Sky Broadband took almost 18 months to fix serious router flaw
Flaw could expose user’s home network to hackers
Sky Broadband took around 18 months to fix a security flaw affecting nearly six million of its routers which could enable home networks to be remotely compromised by hackers.
According to a blog post by Pen Test Partners security researcher Rafael Fini, Sky failed to meet numerous self-imposed deadlines for fixing the issue, and although he acknowledges that at the time, COVID lockdowns were causing major challenges for ISPs such as Sky, he claims the company “did not give the patch the priority their customers deserved”.
The security firm first reported the issue in May 2020, but it wasn’t until the following May that Sky told researchers that the first 50% of affected devices had been patched. Researchers were told that the goal was to complete the rest of the rollout during Summer 2021, and in August, the firm asked BBC journalists to reach out to the ISP in order to convince them to expedite the process. It was until October 2021 when Sky notified Pen Test Partners that 99% of all routers had been updated - 17 months and 11 days since initial disclosure.
“Despite having a published vulnerability disclosure programme, Sky’s communications were particularly poor and had to be chased multiple times for responses,” Fini said. “Only after we had involved a trusted journalist was the remediation programme accelerated.”
When questioned by the BBC, Sky blamed the slow rollout of the update on the large scale of delivery, stating “we take the safety and security of our customers very seriously.”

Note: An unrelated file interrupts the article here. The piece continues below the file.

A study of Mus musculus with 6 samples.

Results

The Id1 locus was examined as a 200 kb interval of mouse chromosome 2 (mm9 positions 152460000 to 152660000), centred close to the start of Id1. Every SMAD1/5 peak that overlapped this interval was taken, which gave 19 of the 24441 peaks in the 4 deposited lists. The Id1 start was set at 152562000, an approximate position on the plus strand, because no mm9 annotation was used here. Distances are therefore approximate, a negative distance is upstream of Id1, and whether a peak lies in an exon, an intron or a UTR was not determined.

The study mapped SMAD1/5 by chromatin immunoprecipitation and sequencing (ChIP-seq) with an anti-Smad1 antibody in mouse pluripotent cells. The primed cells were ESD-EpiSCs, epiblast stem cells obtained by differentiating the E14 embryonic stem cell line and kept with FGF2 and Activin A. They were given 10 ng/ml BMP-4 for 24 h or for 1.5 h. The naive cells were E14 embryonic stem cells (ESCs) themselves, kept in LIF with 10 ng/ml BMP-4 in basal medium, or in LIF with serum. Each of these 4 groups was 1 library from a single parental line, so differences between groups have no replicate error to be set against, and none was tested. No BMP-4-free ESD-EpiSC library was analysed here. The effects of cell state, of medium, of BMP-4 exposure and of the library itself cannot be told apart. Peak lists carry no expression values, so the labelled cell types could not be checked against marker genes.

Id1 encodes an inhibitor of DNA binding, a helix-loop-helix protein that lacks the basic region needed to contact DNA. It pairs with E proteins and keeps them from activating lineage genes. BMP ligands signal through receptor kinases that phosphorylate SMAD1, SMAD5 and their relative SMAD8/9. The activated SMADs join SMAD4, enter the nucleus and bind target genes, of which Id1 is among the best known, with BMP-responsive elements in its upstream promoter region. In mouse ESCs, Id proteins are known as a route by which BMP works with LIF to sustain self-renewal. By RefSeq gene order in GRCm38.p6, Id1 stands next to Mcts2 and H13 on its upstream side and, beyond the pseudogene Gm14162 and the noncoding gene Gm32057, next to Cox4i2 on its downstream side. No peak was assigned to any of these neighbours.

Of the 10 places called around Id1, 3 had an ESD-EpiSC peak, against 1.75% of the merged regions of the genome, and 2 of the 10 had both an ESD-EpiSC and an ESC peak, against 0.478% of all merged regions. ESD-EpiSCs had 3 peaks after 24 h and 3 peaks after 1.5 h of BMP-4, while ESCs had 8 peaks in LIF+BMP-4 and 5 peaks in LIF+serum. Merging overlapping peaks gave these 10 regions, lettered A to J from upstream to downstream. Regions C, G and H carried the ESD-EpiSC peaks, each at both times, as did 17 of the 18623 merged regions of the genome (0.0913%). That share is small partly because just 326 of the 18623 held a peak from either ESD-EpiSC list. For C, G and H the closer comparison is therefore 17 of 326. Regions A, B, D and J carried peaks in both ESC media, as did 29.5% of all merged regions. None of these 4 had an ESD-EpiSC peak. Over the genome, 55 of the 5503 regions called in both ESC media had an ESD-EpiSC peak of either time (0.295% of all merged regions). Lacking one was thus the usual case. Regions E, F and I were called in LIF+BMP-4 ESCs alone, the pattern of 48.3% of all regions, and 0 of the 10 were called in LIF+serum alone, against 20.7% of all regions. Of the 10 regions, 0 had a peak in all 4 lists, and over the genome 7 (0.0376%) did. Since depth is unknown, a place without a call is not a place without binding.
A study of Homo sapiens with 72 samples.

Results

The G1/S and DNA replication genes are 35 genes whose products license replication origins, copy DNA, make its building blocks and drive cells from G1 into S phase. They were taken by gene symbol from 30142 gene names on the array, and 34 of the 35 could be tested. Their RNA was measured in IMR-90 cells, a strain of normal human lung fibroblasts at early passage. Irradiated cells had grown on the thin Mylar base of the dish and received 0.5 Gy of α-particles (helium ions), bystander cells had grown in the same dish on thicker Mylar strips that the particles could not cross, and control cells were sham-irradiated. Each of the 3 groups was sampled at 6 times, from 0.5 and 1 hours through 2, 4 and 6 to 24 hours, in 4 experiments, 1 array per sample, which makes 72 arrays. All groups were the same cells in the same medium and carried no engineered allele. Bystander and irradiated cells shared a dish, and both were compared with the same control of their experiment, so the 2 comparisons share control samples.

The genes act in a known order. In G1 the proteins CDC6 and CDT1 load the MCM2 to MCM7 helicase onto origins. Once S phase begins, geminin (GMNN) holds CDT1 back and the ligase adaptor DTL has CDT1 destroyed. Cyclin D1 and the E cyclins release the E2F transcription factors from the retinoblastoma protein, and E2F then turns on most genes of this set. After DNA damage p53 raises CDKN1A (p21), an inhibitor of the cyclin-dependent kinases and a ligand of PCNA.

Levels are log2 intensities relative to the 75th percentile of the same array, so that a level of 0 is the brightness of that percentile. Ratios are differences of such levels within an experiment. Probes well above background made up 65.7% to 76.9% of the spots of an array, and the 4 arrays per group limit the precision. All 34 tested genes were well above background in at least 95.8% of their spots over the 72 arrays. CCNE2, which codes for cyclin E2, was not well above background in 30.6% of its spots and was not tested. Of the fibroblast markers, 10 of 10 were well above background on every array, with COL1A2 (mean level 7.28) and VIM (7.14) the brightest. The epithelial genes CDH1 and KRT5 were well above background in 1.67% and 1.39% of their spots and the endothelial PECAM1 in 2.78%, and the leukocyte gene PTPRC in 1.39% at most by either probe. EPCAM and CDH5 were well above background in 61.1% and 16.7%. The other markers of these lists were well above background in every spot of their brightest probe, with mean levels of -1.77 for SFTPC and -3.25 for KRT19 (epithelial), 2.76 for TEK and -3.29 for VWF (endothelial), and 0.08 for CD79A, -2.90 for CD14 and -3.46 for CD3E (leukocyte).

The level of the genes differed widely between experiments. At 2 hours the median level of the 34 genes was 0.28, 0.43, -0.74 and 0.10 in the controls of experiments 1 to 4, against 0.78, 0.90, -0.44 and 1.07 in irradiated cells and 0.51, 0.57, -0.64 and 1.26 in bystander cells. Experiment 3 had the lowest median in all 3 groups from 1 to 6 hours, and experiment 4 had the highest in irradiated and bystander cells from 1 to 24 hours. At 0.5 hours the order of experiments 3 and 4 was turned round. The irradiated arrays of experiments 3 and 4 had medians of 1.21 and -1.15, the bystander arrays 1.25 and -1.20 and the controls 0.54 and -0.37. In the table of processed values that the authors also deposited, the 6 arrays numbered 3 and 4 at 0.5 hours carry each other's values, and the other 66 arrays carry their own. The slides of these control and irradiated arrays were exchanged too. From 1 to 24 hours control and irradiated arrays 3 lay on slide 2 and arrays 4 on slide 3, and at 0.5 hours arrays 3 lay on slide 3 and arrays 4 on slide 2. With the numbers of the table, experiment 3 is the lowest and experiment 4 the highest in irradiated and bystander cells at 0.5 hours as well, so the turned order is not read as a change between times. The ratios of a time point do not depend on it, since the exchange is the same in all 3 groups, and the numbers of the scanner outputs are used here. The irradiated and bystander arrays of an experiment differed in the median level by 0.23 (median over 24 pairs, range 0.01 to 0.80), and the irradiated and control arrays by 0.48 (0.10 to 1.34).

“After being alerted to the risk, we began work on finding a remedy for the problem and we can confirm that a fix has been delivered to all Sky-manufactured products.”
The flaw in question was a DNS rebinding vulnerability that allowed hackers to use a malicious web page to take control of customers’ routers and enable remote management.
“With remote management enabled, the attacker could connect directly to the router’s web application and modify any settings, such as setup up a DMZ server or configure port forwarding, exposing the internal home network to the internet,” said Fini.
“The home router is the gateway between consumers and their digital life,” said John Goodacre, professor of computer architectures at the University of Manchester. “DCMS are working to ensure these ‘smart’ devices are more secure, with security built in from the start through their ‘Secure by Design’ policy.”
“Together, an increased consumer awareness of cybersecurity best practices, manufacturers delivering products to be secured by default with the underlying component being secured by design, the tide will turn against the ever-increasing impacts of cybercrime across the digital world.”